Editor's Note: Avionics Globalization

By Emily Feliz

It’s not news to anyone reading this publication that globalization is in full force and is not slowing down any time soon. Within companies, employees can communicate and collaborate on projects as easily as if they were sitting in the same office.

And beyond that, establishing a global network of partnerships between companies can yield significant operational, strategic and financial benefits for all the companies involved. I see it happening all the time international companies collaborate in avionics system design and engineering, specifically the interaction of information technology and engineering departments, in completing complex, end-to-end systems.

It is happening everywhere, but that doesn’t mean it’s easy. It can be difficult to establish and a challenge to maintain this type of supplier network, particularly in the area of avionics engineering, according to speakers of an Avionics Magazine Webinar, “Global Partnerships in Avionics Development Engineering.” The Webinar, recorded on June 8 and sponsored by Infotech Enterprises, based in Hyderabad, India, is free and available for on-demand viewing at www.aviationtoday.com/webinars.

The basis of a successful global partnership is to clearly establish your organization’s goals and objectives and identify your organization’s strengths and weaknesses.

The locations of the participants of the Webinar itself spoke to the increasing global nature of this business, with speakers from India, Germany, Puerto Rico and the United States, and listeners from all corners of the globe, including many from emerging markets. Panelists stressed that these types of global partnerships will be increasing for the avionics world, particularly in emerging markets such as China, India, Brazil and others. And cost pressures the main driver for many of these partnerships aren’t going away any time soon, the panelists said.

The basis of a successful global partnership, according to the panelists, is to clearly establish your organization’s goals and objectives and identify your organization’s strengths and weaknesses, and more specifically what value another company or companies could add.

“To really maximize your value in avionics, the key is to focus on your core competencies while expanding your existing portfolio and finding an engineering partner who complements you. A partner has to be capable of taking on complete subsystems,” said Sanjay Sharma, general manager and practice head for avionics at Infotech. “Today’s [avionics] business is perfectly suited as a global platform for global engineering.”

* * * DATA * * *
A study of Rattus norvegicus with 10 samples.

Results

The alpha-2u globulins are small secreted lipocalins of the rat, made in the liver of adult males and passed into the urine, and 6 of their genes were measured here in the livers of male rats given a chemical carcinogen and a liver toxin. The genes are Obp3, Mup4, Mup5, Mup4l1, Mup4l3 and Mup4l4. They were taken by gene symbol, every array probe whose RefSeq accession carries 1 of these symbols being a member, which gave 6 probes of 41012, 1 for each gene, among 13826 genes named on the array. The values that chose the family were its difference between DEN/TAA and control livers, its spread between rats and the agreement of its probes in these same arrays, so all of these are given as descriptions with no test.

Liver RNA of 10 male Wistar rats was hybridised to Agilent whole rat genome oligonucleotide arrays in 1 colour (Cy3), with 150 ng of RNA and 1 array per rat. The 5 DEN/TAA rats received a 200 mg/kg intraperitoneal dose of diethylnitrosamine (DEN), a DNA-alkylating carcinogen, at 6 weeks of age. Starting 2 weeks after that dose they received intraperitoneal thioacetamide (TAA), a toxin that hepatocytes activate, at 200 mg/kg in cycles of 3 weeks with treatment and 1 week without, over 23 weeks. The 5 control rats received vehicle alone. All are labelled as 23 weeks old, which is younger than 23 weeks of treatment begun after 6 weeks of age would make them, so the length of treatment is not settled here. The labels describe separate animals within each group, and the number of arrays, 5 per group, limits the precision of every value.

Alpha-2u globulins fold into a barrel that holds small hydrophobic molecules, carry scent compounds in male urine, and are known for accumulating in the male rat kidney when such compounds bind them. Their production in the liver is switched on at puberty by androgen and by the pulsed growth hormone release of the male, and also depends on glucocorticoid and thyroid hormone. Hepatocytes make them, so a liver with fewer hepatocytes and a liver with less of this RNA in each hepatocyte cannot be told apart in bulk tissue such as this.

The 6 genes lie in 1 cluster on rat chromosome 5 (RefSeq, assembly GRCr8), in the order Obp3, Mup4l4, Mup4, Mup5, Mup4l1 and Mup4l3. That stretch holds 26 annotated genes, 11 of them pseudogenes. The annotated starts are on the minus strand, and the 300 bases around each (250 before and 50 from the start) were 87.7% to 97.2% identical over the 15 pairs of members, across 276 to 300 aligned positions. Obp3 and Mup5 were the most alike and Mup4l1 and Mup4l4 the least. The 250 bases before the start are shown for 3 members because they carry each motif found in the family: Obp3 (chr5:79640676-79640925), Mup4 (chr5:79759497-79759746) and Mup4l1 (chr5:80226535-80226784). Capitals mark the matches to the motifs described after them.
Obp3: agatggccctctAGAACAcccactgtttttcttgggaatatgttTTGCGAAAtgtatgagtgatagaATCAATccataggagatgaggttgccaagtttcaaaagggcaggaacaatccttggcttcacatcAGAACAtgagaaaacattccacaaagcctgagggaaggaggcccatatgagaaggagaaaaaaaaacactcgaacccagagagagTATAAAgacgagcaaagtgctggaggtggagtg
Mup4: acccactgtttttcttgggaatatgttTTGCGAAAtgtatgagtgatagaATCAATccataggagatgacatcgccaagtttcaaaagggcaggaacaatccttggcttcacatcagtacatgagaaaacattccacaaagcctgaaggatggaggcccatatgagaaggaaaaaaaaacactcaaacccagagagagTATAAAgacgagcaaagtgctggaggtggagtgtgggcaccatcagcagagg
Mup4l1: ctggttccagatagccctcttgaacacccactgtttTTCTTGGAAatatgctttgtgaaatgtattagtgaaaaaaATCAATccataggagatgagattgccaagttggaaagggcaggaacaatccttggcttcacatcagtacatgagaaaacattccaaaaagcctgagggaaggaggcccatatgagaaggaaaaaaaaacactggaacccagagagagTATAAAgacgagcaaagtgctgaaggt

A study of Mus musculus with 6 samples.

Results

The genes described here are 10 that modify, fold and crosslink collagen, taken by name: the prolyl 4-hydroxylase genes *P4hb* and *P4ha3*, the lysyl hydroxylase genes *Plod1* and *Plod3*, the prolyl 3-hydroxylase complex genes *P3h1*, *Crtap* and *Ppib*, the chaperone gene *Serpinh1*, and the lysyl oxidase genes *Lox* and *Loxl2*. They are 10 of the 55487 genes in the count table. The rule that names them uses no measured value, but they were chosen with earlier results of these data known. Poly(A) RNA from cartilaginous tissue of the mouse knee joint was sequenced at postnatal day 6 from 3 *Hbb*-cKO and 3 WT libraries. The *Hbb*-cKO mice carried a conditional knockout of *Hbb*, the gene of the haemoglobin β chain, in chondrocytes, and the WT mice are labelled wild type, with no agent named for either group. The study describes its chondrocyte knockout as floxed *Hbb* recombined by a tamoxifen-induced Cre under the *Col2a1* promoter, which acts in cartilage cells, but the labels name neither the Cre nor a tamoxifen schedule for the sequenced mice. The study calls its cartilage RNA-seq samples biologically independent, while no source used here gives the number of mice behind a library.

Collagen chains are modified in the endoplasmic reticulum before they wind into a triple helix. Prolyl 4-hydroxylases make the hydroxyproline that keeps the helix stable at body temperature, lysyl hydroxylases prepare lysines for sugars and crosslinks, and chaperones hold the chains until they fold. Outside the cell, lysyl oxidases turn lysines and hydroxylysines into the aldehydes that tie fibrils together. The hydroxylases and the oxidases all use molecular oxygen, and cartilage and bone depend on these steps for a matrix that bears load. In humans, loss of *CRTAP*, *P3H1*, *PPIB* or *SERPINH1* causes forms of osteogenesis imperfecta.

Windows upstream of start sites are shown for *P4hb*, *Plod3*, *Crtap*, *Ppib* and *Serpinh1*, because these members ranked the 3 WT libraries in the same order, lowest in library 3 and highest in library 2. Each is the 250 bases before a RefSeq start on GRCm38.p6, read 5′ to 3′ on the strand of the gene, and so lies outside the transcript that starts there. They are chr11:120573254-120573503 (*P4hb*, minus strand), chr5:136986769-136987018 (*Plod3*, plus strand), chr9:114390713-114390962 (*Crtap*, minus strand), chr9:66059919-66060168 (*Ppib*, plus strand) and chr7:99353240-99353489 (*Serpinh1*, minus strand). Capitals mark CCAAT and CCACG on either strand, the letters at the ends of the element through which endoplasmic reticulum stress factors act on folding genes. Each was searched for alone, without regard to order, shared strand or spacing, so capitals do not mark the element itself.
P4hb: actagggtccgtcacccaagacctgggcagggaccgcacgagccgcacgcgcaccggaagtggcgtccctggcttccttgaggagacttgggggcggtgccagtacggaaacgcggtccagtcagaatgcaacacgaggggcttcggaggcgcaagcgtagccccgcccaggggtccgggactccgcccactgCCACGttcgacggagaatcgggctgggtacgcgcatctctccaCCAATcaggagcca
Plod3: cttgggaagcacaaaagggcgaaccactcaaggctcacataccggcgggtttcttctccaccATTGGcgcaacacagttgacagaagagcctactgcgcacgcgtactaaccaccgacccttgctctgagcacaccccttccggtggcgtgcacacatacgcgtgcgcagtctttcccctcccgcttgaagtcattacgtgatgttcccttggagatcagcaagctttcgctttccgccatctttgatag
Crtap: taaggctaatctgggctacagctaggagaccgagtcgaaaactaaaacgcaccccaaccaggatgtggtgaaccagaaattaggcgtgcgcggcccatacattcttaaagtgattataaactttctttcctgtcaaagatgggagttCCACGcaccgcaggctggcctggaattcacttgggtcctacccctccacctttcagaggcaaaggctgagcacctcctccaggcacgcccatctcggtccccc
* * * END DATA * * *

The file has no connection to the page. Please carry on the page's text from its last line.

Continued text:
For example, Sharma said, a typical global avionics partnership could include product development, program management, manufacturing, system integration, maintenance and customer support all in different geographic locations. “The manner by which our flat world has evolved over a period of time, especially from a perspective of engineering services, has been phenomenal,” Sharma said.

Managing that global network, however, can be difficult, to say the least. One questioner during the Webinar asked how much “hand holding” was needed to ensure suppliers and subcontractors are all on the same page and progressing with the end goal. The question is valid how do you keep tabs on your partners when there are wide gaps in culture, language and geography? Where is the tipping point that the time and energy required to manage the vast network outweighs the time and energy it would take to simply do it yourself? Longer-term relationships can help; trust that is built during the course of a project can reduce the amount of “hand holding” necessary. Panelists said, however, that this is all part of the process.

“One of the things that can be done for this is to recognize that the type of ‘hand holding’ so to speak is a risk to success and treating it just like any other risk establishing a risk mitigation plan, understading the issues that might require more customer support than would be expected and then working to mitigate those risks as the program starts and is executed,” said Brett Lynch, chief engineer for systems and software at Infotech Aerospace Services in Isabela, Puerto Rico.